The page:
13th January 2015
There was a collective ‘wow’ as we headed for the chink of light, exiting the cave in our long tail boats. We’ve just spent the last hour in near darkness on an underground river – welcome to central Laos…
Northern Laos' appeal is instant; stunning mountain scenery, dusty villages, mysterious Stone Jars – and the charm of Luang Prabang. In the south the Mekong stretches across 10 miles of heavenly islands, tumbles across rapids and down into channels and falls. Here the river is fringed with coconut palms and hammocks, perfect for viewing those deep orange southern sunsets.
The central areas of Laos, however, often get overlooked – most people fly over it or pass through nocturnally en route to Pakse, the ’4000 Islands’ or Cambodia. But stopping off in the Khammouane and Savannakhet Provinces pays dividends – after all where else could you ride a tiny narrow boat for almost eight kilometres through a cavernous limestone karst?
Khammouane means ‘happy gold’ in Lao; local legends tell of precious metals hidden deep in the ground. Nowadays the province's jewels are the karsts and caves of the Khammouane Mountains that form part of the Annamite Range, a 1000km plus rugged spine that runs through Laos and Vietnam, eventually sweeping south into Cambodia.
Nestled inside these mountains, on a small plateau 50km from the easterly road to Vietnam, lies one of Laos’ hidden gems – Kong Lor cave. The surrounding area encapsulates everything that is wonderful about the country; the morning smell of burning wood, mist rising from a trickling river, craggy flat-topped mountains and rice fields filled with happy, smiling villagers.
A small opening beyond a tranquil crystal lake gives little indication as to the adrenalin rush that lies beyond. Here we took to small motorised boats crewed by local villagers equipped with headlamps. The boatmen skillfully steered us into near darkness with only the crisscrossing of torch beams to guide us upstream along the underground river. The light played tricks with our eyes as the rocks faked an imaginary mountainous night skyline inside the cave.
After a while we stopped, clambered out of the boats to walk around the ‘stalagmite gallery’ before continuing through rapids and whirlpools. The cave ceiling towered 100m above us – at other times we ducked to avoid the overhanging limestone formations. In places the river was 30m across and several deep, but a couple of times we needed get out to wade over rocks before continuing. After an hour we exited the cave into bright sunlight which struck towering rock edifices beside the river, giving them a golden glow.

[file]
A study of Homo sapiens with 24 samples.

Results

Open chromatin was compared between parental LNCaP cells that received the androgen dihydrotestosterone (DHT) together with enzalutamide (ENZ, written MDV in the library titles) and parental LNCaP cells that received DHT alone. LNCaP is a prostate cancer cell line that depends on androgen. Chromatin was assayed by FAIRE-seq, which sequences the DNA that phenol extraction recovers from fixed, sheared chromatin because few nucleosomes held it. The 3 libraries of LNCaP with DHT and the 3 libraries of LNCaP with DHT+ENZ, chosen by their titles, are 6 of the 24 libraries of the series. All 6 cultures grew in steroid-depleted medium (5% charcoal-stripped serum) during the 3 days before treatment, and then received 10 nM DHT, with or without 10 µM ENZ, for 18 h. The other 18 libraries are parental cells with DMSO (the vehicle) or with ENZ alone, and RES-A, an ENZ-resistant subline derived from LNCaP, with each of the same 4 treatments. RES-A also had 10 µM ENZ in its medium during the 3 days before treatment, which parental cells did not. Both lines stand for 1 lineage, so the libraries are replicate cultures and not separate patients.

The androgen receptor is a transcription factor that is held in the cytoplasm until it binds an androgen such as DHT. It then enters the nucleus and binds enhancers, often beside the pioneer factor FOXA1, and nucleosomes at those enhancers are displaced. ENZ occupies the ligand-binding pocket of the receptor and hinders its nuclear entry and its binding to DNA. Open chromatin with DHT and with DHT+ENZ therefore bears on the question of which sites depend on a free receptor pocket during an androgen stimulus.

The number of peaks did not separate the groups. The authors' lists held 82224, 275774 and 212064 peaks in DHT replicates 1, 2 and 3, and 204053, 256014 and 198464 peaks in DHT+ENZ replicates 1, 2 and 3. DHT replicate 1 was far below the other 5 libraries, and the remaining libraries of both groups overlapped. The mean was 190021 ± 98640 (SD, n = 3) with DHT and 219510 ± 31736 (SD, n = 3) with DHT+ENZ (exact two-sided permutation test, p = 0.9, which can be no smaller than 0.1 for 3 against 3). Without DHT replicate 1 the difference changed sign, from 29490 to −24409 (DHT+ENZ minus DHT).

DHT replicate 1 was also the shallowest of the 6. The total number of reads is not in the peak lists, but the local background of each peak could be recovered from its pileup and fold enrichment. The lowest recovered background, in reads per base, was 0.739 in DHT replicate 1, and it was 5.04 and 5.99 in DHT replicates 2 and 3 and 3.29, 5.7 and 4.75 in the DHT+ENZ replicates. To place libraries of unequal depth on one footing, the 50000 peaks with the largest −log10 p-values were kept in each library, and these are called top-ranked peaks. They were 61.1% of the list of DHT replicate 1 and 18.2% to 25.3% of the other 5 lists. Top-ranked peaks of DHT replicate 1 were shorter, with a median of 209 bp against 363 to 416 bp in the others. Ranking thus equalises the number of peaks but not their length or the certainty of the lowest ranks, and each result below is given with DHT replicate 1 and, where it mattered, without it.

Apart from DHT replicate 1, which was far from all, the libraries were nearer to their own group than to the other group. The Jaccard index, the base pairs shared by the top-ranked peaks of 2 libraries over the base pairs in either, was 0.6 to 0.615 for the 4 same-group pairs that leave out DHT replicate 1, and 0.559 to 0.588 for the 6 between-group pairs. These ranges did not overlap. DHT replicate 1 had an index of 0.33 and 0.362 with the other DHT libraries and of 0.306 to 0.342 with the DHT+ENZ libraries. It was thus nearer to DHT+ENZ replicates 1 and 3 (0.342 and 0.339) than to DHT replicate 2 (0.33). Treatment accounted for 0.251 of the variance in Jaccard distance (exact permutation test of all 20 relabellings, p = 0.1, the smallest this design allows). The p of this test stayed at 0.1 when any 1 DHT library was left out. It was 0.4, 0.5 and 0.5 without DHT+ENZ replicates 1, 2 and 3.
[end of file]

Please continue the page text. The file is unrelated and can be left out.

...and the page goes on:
Thakek is another little gem. The provincial capital was the scene of an infamous massacre of Vietnamese and Lao troops in 1946 at the hands of the French, before seemingly dozing off beside the Mekong. The town woke up again in 2011 when the third ‘Friendship Bridge’ to Thailand opened. Despite its newfound strategic importance we wandered alongside the river past simple beer 'n' barbeque duck stalls to watch the sun set beyond the opposite bank over the seemingly giant buildings, bright lights and communications towers of Thailand.
A bumpy 40 minute ride in a local truck got us out into the countryside to explore the surrounding limestone karts – and another unexpected adrenaline rush... Guided by a local villager, we walked through forests to a spot beside a hidden lake and scrambled over rocks to Pa Soum cave. We swam into the darkness of the cave for a couple of hundred metres accompanied by our trek guide on a kayak, his flashlight illuminating stunning rock formations above us.
Further south, I decided to deviate a little from the itinerary to stop in sleepy Savannakhet to see if anything had changed since my last visit a couple of years ago. Like its riverside sister Thakek, the provincial capital oozes faded charm and yearns for a splash of paint. The guide books say there’s nothing to do, which may be true, but a wander around the old French plaza and cathedral is a walk in the past, something that is becoming increasingly difficult to do these days as restoration projects transform the world's colonial past. After finding an old Chinese merchant house tastefully converted into a gallery, info centre and coffee shop, we gratefully made use of the facilities. Realising that our colonial meanderings had overrun and lunch was still several hours away, I found a smoking wok just off the plaza. Laos' central provinces then threw up a final surprise as we enjoyed the tastiest pad thai I’d eaten in years...
Tour leader Mark Steadman recently led our Laos Unlocked group tour.